Sales were up in the first quarter by 5.0 percent for PPR’s Gucci Group in reported terms, to €855 million, but on a comparable basis they were down by 3.4 percent. Comparable sales of leathergoods increased by 2 percent. No details were given for shoes and other product segments, but company officials indicated that jewelry and watches were the luxury items most affected by the current economic crisis. This was also reflected in LVMH’s results (see following story).
Sales in emerging markets, which made up 32 percent of Gucci Group’s total sales for the quarter, were responsible for the overall sales increase. They grew by 21 percent. Revenues jumped by 25 percent in the Asia-Pacific region excluding Japan, driven by strong growth of 13 percent in Greater China. Gucci Group operated a total of 571 stores around the world as of March 2009, including 31 in China.
Instead, the overall environment in mature markets worsened significantly in the quarter. Europe and the U.S. both saw low-single-digit drops, while Japan fell by about 15 percent. PPR is cautious going forward, and said that orders for the Gucci brand were in line with the trends in the first quarter, while orders for Yves Saint Laurent and Bottega Veneta were slightly lower. No major change could be spotted in April.
Among the Gucci Group brands, Gucci saw a 1.0 percent uptick in sales on a comparable basis, or 10.6 percent up in reported terms. PPR said that the brands spring/summer 2009 collections of leathergoods were particularly strong. Emerging markets again put up an impressive performance, with 21 percent growth in sales. Revenues from Greater China, which made up 17 percent of the brand’s sales for this quarter compared with 15 percent last year, increased by 16 percent.
In Western Europe, which still accounts for nearly 29 percent of its revenues, Gucci’s sales softened by 1.5 percent. Japan’s luxury market continued to decline, and sales there fell by almost 16 percent. The Gucci store network comprised 264 units at the end of the quarter, including 25 in China. The brand will continue to focus on building up its presence in this and other emerging markets.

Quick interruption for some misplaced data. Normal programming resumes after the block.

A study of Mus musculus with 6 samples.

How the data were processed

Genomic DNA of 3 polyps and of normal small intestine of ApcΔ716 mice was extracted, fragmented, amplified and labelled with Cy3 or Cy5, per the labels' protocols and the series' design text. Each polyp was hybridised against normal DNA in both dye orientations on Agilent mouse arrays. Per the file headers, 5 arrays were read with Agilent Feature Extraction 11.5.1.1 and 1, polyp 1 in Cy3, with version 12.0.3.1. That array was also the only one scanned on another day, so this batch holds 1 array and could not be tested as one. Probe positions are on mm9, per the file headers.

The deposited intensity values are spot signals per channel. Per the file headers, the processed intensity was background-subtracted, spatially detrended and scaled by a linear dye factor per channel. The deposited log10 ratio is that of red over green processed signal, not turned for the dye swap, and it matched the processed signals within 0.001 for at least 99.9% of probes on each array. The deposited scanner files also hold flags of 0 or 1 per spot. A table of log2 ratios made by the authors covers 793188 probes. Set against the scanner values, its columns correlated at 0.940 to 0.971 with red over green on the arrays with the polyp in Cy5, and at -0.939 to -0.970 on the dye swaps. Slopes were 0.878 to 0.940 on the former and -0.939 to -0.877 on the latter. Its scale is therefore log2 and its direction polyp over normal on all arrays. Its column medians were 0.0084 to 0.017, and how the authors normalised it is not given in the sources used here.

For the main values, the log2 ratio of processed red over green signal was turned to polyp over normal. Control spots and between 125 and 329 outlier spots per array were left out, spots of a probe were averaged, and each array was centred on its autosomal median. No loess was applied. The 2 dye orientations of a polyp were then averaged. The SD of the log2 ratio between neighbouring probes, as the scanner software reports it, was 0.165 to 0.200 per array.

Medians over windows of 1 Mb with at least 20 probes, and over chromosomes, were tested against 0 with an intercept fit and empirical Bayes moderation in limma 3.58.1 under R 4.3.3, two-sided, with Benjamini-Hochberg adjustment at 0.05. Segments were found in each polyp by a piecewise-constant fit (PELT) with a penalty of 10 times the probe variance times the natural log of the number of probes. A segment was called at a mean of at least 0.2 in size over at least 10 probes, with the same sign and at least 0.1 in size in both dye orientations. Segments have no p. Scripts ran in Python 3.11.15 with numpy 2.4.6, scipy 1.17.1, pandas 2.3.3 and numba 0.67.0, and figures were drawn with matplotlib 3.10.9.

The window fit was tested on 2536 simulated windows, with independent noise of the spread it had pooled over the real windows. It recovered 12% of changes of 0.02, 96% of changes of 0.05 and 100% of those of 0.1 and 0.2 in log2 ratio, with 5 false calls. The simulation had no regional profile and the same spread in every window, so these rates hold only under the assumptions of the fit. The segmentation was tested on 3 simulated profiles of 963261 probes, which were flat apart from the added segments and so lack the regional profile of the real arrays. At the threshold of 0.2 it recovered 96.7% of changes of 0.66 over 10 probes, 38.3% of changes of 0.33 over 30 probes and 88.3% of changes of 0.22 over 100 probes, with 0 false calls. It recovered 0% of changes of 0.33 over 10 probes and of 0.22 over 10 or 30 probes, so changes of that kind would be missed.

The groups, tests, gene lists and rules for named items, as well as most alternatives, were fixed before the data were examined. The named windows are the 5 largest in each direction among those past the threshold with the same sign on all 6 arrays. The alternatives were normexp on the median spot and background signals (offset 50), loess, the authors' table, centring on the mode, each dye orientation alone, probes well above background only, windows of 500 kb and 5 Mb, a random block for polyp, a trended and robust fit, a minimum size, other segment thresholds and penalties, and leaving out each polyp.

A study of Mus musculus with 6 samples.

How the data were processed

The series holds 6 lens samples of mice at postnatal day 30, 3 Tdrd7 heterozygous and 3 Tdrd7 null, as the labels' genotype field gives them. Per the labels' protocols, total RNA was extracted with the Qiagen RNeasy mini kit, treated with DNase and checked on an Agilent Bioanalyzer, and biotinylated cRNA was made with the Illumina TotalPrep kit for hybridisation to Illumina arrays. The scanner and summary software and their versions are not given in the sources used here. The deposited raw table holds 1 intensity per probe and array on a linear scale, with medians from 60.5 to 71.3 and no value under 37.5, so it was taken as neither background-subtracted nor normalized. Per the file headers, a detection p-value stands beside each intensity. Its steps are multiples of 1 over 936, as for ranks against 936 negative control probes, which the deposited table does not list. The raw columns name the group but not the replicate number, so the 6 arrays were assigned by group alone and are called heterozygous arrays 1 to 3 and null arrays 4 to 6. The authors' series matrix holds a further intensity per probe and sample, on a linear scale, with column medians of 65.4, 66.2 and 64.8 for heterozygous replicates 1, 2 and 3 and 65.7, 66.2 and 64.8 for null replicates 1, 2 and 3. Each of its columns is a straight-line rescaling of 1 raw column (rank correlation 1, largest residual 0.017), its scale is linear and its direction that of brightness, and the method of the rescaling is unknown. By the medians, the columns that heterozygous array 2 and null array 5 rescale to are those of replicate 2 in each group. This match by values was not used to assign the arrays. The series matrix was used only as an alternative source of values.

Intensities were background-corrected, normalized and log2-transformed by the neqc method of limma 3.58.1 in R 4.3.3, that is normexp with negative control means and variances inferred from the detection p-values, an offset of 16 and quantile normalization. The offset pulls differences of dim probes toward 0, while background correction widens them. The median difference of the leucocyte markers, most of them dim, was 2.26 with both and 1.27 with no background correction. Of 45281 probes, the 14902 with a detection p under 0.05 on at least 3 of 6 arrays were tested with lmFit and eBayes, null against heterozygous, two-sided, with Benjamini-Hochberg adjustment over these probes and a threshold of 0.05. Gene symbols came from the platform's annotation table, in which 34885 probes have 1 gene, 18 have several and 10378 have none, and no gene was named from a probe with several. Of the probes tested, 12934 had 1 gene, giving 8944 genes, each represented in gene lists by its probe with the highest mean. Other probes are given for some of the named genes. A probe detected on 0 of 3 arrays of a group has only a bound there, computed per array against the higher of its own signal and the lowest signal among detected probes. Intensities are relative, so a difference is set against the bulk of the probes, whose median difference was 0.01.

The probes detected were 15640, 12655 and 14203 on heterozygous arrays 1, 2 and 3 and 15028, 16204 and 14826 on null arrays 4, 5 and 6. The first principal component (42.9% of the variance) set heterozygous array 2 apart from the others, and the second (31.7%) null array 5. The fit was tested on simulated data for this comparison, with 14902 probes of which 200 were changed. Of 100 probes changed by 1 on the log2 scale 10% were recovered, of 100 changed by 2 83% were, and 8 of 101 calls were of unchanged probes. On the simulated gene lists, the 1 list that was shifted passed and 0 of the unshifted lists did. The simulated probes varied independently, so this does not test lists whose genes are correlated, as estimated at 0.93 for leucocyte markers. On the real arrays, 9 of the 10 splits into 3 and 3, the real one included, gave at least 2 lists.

The younger Bottega Veneta brand saw its sales fall by 13.4 percent on a comparable basis and by 2.3 percent in reported terms to €104 million, against a strong quarter in 2008. Sales in Europe fell by 26 percent. At the end of March there were 125 Bottega Veneta directly operated stores around the world.
Yves Saint Laurent’s sales were down by 10.2 percent on a comparable basis and 5.4 percent in reported terms in the first three months of 2009, due to a difficult global environment. The brand’s fashion and leathergoods activities, as well as its royalties, decreased in the quarter. Its most important market, Europe, fell by 11 percent. YSL shoes performed satisfactorily, with growth in the high single digits. YSL has a new high-top sneaker available online in the U.S. and at boutiques elsewhere. It was made in collaboration with Puma.
Sales from the Gucci Group’s “other brands,” which include Balenciaga, Boucheron, Sergio Rossi, Alexander McQueen and Stella McCartney, decreased by 9.5 percent on a comparable basis and by 5.8 percent in reported terms in the first quarter to €124 million. Sergio Rossi suffered from last year’s closure of its stores in the U.S., while Boucheron’s jewelry had a tough time in the market. In total, the “other brands” operated a network of 117 stores at the end of March 2009.
Puma scored a little better than Gucci Group in the quarter. First-quarter sales for the Puma brand rose by 3.6 percent to €697.4 million, according to PPR. This represented a drop of 3.3 percent in constant currencies.
Footwear and accessories were resilient, sporting low-single-digit growth. Apparel didn’t do as well, especially in Western Europe. Puma’s sales in the Americas increased by 11.2 percent in the quarter, fueled by the good performance of its footwear in the U.S. and with exceptional strength also in Latin America, following an adjustment in the assortment and the marketing.
Asia-Pacific sales were down slightly and sank also in the EMEA region from the high levels of last year, when they were boosted by major sporting events such as the Euro 2008 football championships and the Olympics (more in Sporting Goods Intelligence Europe).
In the first quarter, the PPR group as a whole had consolidated sales of €4.8 billion, down by 2.6 percent from the first quarter of 2008 in reported terms and down by 4.9 percent in terms of comparable structures and exchange rates.
The contribution of the group’s activities outside of France continued to increase, representing 63.6 percent of total sales in the first quarter of 2009, vs. 62.4 percent on a comparable basis in the first quarter of 2008. E-commerce grew by 7.0 percent on a comparable basis.
Company officials declined to forecast the group’s performance for the balance of the year, but said they would keep costs under control.